HEW Black lists Five at Harvard

Five unidentified Harvard scientists are reported by the New York Times to be among the 48 researchers named in a new blacklist compiled by the Department of Health, Education and Welfare.

The blacklisting of a researcher or scientist prohibits his serving on HEW committees regulating research activities and Federal grants.

"No one knows whether he is on the blacklist or not," said Nobel laureate George Wald, Higgins Professor of Biology. He referred to the resurgence of government security pressures as "a conspiratorial phenomenon," and said he was "shocked, but not too surprised" by the report.

He recalled once having to sign a "loyalty oath" in order to receive travel fare for delivering a lecture at the National Institutes of Health, a unit of HEW. He added, "I've never been asked to serve on an advisory panel of NIH."

Middle Ages

Mark Ptashne, lecturer in Biochemistry and Molecular Biology, called the blacklist "ridiculous" and "out of the Middle Ages," but admitted, "I'd be disappointed if I weren't on it"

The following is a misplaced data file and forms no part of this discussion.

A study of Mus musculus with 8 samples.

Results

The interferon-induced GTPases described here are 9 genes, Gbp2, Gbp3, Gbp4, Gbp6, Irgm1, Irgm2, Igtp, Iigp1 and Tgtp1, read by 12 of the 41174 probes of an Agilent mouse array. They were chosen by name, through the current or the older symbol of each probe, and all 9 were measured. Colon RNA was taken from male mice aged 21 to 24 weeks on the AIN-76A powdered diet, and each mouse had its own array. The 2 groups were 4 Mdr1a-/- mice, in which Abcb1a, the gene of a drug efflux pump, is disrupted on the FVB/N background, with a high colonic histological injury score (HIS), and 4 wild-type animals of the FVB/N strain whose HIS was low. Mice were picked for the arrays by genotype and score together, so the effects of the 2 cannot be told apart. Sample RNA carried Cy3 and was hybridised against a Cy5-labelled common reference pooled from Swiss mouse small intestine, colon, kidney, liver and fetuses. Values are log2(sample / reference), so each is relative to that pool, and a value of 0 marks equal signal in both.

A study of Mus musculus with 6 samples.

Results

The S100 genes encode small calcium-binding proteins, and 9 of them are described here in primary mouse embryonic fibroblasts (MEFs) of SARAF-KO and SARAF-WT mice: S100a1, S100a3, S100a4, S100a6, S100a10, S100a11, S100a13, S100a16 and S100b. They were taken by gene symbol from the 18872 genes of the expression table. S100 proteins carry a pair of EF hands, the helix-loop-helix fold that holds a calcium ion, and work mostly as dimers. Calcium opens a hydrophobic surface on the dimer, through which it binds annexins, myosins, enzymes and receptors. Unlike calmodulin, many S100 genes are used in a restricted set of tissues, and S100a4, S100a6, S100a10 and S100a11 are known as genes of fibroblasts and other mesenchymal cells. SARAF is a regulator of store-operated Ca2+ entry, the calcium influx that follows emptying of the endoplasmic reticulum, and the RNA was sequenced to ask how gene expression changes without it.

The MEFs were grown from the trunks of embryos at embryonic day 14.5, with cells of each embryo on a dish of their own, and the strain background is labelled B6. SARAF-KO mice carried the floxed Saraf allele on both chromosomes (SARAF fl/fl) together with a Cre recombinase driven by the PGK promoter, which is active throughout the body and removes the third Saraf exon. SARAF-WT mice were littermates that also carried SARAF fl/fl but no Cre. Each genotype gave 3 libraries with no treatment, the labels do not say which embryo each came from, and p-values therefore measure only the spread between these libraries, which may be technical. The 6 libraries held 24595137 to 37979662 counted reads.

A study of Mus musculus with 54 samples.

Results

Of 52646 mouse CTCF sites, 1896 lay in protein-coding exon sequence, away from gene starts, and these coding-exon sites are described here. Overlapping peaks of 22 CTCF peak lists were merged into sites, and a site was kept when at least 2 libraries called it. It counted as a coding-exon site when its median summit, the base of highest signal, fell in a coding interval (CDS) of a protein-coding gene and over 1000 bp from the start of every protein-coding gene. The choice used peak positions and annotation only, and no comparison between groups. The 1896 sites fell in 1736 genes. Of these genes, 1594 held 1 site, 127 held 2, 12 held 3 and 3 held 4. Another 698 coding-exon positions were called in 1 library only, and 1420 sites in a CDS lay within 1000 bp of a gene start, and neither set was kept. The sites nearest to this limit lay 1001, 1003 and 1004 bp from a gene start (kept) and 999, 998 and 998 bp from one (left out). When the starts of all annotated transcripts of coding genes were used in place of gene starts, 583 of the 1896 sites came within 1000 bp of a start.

Among the distinguished research leaders are seven members of the National Academy of Sciences, including Salvatore E. Luria, professor of microbiology at M.I.T., and one of the three Americans awarded the Nobel Prize in medicine last week. Luria had previously refused to serve on HEW review boards until the "tests of political conformity" were abolished.

Robert H. Finch, Secretary of HEW, congratulated Luria by telegram following last week's Nobel presentation. "You have amply earned the gratitude of all Americans," he said.

Ad Hoc Committee

Dr. Dane G. Prugh of the University of Colorado, chairman of the ad hoc Steering Committee on HEW Clearance, said his group was trying to convince the Department to relax its "unwarranted practice of security investigations for non-sensitive positions."

Representatives of 27 scientific and legal organizations drafted the Committee statement, to be sent to Finch today. It condemns as "carried over from the 1950's" the continued use of "security and suitability" criteria often related to political beliefs or personal associations."

A committee of the National Academy of sciences has condemned all criteria for membership on Federal research review boards except those of "scientific competence, integrity, and judgment."

The current list brings to 93 the number of known listings. However, the Times reports, "It appears that the total number of blacklisted scientists is in he hundreds."